You’re getting ready to split up with the other parent. But you want your children at least half of the time. In an ideal world, you can work together with your ex to iron out a schedule that works for both of you. Having two quality parents equally involved and working well together is ideal for the children.
Joint physical custody divides the time with the children between the parents approximately equally. Although the court has wide discretion to order it under a number of circumstances, it usually works best when the parents are cooperative and communicate well with each other, there are fewer transitions between the parents’ homes during the week, and the parents live close enough to each other that the transitions between their homes aren’t disruptive to the children.
Whether you’re working on an agreement with the other party or preparing for a hearing at which the issue of parenting time will be addressed, it’s helpful to have an idea of what the courts prefer in setting shared parenting schedules.
Generally, the fewer transitions there are for the children during the week, the better. If you have a choice between blocking out chunks of time with each parent and fewer transitions and smaller parenting time frames and more transitions, the court prefers fewer transfers.
The reason for this is that theoretically, the more the children have to go back and forth between their parents homes, the more disruptive it is for them: more transitions means that communication between the parents is more likely to fall through the cracks and it’s harder to get the children into a good routine.
For example, a schedule that alternates days between the parents’ homes can be disruptive: Monday at mom’s, Tuesday at dad’s Wednesday at mom’s etc. On the other hand, if the child can remain at a parent’s home for at least a couple of days at a time, a judge is more likely to order it.
Here are some examples of joint physical custody schedules that our firm has had approved by the court.
Example 1, The 3-2-2 Schedule: This schedule essentially alternates the weekends between the parties and splits the weekdays in half. It’s one of the more popular shared parenting plans because it gives each party quality weekend time and minimizes transitions during the week.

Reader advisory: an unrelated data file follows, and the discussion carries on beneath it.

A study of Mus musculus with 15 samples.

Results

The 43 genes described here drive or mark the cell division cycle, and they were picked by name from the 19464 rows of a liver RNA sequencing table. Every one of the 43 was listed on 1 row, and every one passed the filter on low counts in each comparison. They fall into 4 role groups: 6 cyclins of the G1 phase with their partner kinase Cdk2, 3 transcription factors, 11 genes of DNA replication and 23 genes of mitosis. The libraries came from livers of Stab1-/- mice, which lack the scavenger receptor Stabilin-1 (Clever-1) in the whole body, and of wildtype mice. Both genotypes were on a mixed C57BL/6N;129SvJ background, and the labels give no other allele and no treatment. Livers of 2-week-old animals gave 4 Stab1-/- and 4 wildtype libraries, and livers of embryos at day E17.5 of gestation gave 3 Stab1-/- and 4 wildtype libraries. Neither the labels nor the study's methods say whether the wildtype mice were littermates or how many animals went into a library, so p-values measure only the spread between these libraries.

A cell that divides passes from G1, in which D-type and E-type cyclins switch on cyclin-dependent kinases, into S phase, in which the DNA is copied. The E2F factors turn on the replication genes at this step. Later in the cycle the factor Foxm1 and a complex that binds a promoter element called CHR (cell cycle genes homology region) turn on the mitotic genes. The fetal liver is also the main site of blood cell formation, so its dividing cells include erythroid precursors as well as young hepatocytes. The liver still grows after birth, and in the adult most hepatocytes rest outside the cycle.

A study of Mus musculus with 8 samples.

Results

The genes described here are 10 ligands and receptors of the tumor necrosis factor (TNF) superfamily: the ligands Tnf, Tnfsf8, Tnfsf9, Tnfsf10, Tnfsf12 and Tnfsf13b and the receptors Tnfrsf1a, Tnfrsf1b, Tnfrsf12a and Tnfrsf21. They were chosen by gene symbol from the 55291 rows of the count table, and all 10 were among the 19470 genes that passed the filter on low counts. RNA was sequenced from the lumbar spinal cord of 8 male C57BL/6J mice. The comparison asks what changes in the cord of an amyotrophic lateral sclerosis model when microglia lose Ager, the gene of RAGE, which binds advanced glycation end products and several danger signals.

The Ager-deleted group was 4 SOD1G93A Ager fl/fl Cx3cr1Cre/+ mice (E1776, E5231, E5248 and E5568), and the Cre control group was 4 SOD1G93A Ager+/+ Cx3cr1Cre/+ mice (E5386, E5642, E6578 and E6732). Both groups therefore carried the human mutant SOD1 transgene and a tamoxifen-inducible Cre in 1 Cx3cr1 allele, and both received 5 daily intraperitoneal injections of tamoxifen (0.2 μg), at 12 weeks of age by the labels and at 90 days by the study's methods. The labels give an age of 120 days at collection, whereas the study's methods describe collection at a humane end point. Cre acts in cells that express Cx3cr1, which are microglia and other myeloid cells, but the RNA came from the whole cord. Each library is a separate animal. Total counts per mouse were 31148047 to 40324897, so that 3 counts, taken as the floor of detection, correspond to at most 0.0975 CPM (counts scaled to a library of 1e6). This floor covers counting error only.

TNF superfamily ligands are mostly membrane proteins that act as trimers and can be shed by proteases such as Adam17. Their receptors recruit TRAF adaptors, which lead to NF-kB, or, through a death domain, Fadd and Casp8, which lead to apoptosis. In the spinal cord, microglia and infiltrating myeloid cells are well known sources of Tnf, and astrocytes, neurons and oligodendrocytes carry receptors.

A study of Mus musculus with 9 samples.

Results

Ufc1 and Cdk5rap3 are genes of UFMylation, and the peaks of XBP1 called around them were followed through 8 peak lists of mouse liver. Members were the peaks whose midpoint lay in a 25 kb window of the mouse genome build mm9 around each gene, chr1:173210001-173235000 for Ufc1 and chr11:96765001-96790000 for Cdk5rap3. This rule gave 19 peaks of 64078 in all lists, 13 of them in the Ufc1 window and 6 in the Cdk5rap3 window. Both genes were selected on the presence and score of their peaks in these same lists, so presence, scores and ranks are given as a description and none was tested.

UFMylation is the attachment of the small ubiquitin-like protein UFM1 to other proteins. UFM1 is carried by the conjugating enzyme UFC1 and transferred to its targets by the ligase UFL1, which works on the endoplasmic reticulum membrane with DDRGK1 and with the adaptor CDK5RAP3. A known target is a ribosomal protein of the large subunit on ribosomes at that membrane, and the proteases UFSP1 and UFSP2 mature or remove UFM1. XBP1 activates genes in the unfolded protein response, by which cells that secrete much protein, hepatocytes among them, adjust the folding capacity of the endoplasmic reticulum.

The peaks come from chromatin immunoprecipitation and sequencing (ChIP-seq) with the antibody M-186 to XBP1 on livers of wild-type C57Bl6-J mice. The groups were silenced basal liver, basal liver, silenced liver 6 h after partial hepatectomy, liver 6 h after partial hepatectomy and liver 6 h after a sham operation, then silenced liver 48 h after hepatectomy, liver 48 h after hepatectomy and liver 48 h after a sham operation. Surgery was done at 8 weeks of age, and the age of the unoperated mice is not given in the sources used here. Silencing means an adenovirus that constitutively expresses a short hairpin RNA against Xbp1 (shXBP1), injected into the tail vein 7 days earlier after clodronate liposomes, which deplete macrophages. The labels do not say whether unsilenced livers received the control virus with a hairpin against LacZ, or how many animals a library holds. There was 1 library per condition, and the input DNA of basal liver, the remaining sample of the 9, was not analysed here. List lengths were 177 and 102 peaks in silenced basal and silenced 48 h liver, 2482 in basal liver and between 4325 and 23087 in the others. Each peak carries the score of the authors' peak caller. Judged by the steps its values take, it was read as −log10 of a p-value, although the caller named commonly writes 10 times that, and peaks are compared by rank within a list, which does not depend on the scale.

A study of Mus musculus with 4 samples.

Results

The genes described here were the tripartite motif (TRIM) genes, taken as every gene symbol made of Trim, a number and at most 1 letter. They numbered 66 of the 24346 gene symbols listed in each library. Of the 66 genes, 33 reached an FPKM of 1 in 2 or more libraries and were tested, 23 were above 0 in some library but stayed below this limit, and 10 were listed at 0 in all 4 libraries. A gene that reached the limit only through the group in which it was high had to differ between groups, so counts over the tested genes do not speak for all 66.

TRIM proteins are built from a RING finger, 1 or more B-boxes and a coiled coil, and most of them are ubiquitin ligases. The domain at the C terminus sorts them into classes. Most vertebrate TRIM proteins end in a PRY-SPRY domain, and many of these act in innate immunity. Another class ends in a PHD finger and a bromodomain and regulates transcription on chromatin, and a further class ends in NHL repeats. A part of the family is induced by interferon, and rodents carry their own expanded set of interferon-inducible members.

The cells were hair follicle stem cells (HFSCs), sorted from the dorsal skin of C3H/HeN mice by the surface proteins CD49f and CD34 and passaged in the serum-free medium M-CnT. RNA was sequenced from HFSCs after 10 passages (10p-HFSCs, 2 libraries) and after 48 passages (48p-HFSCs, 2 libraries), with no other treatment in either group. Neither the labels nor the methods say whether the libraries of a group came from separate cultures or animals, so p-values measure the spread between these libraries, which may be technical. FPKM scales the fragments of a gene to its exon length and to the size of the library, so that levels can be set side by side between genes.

-Week 1: Father has the child Fri - Sun, Mother has the child Mon & Tue, and Father has the child Wed & Thurs
-Week 2: Mother has the child Fri - Sun, Father has the child Mon & Tue, and Mother has the child Wed & Thurs.
Example 2, Alternating Weeks: This schedule has the parties keeping the child for the entire week at one time. There are fewer transitions, but each party doesn’t see the child for an entire week at a time.
-Week 1: Father has the child from Mon - Sun
-Week 2: Mother has the child from Mon - Sun
Example 3, 4-3 Schedule: This schedule has the parties alternating weeks with one week a parent having 4 days and the following week 3 and alternating going forward. This particular schedule works well if one parent works on weekends and the other doesn’t. But it can be customized to include different days with the same formula.
-Week 1: Father has the child from Mon - Thurs and Mother has the child from Fri - Sun
-Week 2: Father has the child from Mon - Wed and Mother has the child from Thurs - Sun.
These are just a few examples of schedules that we’ve had approved. However, the only limit to the number of ways that a schedule can be crafted is the parties’ imaginations and creativity. Of course, shared parenting schedules are much easier to implement with cooperation and flexibility between the parties.
Despite the judges’ general preference for fewer transitions on joint physical custody schedules, they will usually approve agreements made by the parties—unless there’s something about the schedule that’s clearly not in the child’s best interest.
However, if you’re not going into the courtroom with an agreement, but instead you’re trying to convince a judge that a joint physical custody arrangement is in the child’s best interest, it’s best to keep in mind the above considerations.
Fewer transitions, living closer to the other parent, and evidence that you’re making a good faith effort to communicate regularly and effectively with the other parent are important factors.
If you have any questions about joint physical custody schedules or any other family law questions, feel free to contact us.